Why You Should Have a Low Credit Card Balance

Every credit card comes with a limit. That limit could be $5,000, $10,000, $20,000, or more. Whatever your limit is, you should try your best not to reach it. Instead, you should try to keep your balance as low as possible.

Why? These are three reasons why you should maintain a low credit balance.

1. Easy Debt Management:

The lower your credit balance is, the easier it will be to pay down. If it’s low enough, you could pay down the balance in its entirety with a single paycheck.

On the other hand, a higher balance is harder to pay down in a single lump sum. Your balance will carryover into the next billing cycle and accrue interest in the meantime. With interest and additional transactions, your balance will keep creeping higher and higher, reaching closer to the limit.

If you’re not careful, you could max out your card and leave yourself with no available credit to use. A maxed-out card will take a considerable amount of time and effort to pay down, especially if you’re living from paycheck to paycheck.

A mountain of debt isn’t the only problem that comes with maxing out a credit card. Your credit card company could increase your card’s interest rate as a penalty. Your minimum payment will increase, and your credit score will drop, which will make it harder to apply for loans in the future.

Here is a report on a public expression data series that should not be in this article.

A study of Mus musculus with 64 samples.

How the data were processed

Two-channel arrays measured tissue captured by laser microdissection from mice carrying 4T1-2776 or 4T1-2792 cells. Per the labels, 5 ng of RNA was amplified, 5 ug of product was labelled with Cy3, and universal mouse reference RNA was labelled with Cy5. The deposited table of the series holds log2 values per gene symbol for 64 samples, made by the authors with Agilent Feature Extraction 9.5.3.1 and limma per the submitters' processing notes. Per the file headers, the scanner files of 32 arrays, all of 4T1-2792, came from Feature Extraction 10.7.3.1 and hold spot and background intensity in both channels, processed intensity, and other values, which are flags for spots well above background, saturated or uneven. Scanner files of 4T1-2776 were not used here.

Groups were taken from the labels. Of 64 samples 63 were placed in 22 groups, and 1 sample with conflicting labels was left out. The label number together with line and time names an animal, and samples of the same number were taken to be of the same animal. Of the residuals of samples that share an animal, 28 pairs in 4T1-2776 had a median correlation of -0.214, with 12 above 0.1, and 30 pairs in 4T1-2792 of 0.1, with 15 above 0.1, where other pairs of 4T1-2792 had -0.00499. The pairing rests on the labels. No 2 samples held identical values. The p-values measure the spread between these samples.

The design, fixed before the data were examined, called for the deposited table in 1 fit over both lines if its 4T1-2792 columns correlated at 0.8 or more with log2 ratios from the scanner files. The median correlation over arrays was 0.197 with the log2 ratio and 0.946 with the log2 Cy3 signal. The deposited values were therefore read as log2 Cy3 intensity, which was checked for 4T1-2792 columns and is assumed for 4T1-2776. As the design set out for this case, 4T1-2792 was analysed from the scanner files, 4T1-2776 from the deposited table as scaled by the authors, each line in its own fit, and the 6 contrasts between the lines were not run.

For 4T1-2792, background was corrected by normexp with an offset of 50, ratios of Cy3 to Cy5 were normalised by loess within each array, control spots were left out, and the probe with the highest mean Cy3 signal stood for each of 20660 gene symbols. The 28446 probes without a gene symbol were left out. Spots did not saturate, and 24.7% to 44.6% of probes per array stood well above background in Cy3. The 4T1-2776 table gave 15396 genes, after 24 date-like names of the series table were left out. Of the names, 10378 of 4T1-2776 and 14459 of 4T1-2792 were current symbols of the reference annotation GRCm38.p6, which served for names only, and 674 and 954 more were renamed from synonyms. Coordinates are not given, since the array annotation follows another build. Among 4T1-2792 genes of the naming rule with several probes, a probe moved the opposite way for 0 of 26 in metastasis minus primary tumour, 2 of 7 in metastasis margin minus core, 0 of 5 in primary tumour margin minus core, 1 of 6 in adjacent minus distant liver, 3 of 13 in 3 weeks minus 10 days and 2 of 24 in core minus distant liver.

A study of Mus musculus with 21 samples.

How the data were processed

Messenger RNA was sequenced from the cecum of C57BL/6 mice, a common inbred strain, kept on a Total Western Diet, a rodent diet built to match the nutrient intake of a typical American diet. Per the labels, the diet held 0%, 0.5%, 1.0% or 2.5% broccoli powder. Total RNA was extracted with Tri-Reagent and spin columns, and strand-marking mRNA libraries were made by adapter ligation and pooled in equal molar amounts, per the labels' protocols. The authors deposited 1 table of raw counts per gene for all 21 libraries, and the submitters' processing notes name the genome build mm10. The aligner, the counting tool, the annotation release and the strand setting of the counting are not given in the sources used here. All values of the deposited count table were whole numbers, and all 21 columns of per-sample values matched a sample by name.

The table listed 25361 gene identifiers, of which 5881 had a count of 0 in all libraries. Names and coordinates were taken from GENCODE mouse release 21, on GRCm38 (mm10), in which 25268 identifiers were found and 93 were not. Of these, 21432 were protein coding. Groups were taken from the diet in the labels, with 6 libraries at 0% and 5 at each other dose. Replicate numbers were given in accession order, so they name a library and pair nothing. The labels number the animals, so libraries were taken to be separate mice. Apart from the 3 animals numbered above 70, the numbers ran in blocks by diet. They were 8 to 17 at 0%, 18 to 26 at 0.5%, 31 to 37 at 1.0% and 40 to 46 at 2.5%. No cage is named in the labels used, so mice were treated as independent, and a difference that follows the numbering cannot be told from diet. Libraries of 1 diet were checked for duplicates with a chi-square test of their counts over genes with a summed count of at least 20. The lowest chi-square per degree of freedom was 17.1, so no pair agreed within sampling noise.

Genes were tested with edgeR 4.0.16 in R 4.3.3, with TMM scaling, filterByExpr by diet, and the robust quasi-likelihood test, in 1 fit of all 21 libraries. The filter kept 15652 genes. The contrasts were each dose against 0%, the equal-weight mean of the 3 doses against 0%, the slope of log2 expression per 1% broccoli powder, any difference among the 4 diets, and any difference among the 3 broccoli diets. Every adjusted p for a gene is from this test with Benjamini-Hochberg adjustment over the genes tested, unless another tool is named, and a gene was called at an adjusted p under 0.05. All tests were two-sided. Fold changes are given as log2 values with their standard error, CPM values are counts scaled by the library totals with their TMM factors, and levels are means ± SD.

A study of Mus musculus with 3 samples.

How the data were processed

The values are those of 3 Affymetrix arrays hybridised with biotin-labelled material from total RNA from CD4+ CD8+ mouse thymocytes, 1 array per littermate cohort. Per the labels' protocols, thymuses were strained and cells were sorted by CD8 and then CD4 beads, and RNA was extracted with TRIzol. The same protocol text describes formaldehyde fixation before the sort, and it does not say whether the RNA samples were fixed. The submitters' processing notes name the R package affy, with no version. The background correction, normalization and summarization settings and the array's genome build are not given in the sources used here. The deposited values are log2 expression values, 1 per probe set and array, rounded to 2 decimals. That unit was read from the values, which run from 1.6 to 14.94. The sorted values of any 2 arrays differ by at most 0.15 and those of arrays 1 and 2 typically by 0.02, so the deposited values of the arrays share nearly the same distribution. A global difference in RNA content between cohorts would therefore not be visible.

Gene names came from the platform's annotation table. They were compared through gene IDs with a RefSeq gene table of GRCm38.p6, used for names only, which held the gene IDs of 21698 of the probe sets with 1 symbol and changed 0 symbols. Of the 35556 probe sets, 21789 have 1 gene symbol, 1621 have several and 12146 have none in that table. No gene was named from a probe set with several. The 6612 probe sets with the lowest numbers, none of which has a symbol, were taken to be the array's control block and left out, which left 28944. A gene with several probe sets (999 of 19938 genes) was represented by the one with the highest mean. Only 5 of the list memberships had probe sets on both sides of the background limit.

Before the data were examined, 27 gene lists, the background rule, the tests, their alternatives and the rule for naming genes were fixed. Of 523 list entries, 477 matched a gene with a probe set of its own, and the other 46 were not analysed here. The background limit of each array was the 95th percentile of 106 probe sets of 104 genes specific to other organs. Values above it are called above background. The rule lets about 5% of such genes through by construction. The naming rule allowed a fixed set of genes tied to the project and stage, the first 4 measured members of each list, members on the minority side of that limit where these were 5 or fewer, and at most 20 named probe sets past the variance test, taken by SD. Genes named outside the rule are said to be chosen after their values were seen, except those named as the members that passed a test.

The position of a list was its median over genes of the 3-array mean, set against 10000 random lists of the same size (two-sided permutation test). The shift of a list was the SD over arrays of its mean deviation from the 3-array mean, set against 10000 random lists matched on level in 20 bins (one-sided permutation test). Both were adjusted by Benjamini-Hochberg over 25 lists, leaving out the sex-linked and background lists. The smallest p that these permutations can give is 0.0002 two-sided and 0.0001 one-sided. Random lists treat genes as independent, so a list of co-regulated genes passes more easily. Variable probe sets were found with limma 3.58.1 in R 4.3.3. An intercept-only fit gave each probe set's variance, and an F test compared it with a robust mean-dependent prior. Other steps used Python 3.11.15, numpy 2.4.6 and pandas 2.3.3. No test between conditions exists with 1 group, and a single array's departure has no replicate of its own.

2. Handling Emergency Expenses:

Your credit card is an excellent safety net for emergency situations. If you don’t have enough savings to cover an emergency expense right away, you can charge the expense to your credit card. That way, you can resolve the urgent problem quickly and pay down your card’s balance later.

This plan will only work when you have plenty of available credit on your card. If your card has a steep balance on it already, you shouldn’t put an additional expense on it. At a certain point, you might not be able to put an additional expense onto it without reaching your limit.

What if you’re not comfortable using your credit card? If you’re worried about pushing your card’s balance too close to its limits, you could try to apply for an online loan.

Look for a loan specifically available in your state of residence — not every online loan will be accessible to your location. So, if you live in Phoenix, you’ll want to specifically search for online loans in Arizona to cover your emergency expense. That way, you’ll be sure that you can apply in Arizona.

3. Improving Your Credit Score:

Your credit score should be another motivator for maintaining a low credit balance. Your credit score is measured by several factors: payment history, credit history, credit mix, new credit and credit utilization (the amount that you owe versus how much credit you have). Credit utilization is often the largest factor that impacts your score.

A low credit utilization typically leads to a stronger credit score. Why? Because it indicates that you do not make a habit of borrowing more than you can repay in a timely manner. You’re a low-risk borrower.

How low should your credit utilization be? Ideally, you should strive to have a credit utilization ratio of 30% or lower. So, try to keep your credit card’s balance below the halfway mark. Follow suit with other credit accounts, like a personal line of credit.

Think twice before you rack up a balance on your credit card. Keep it as low as you can.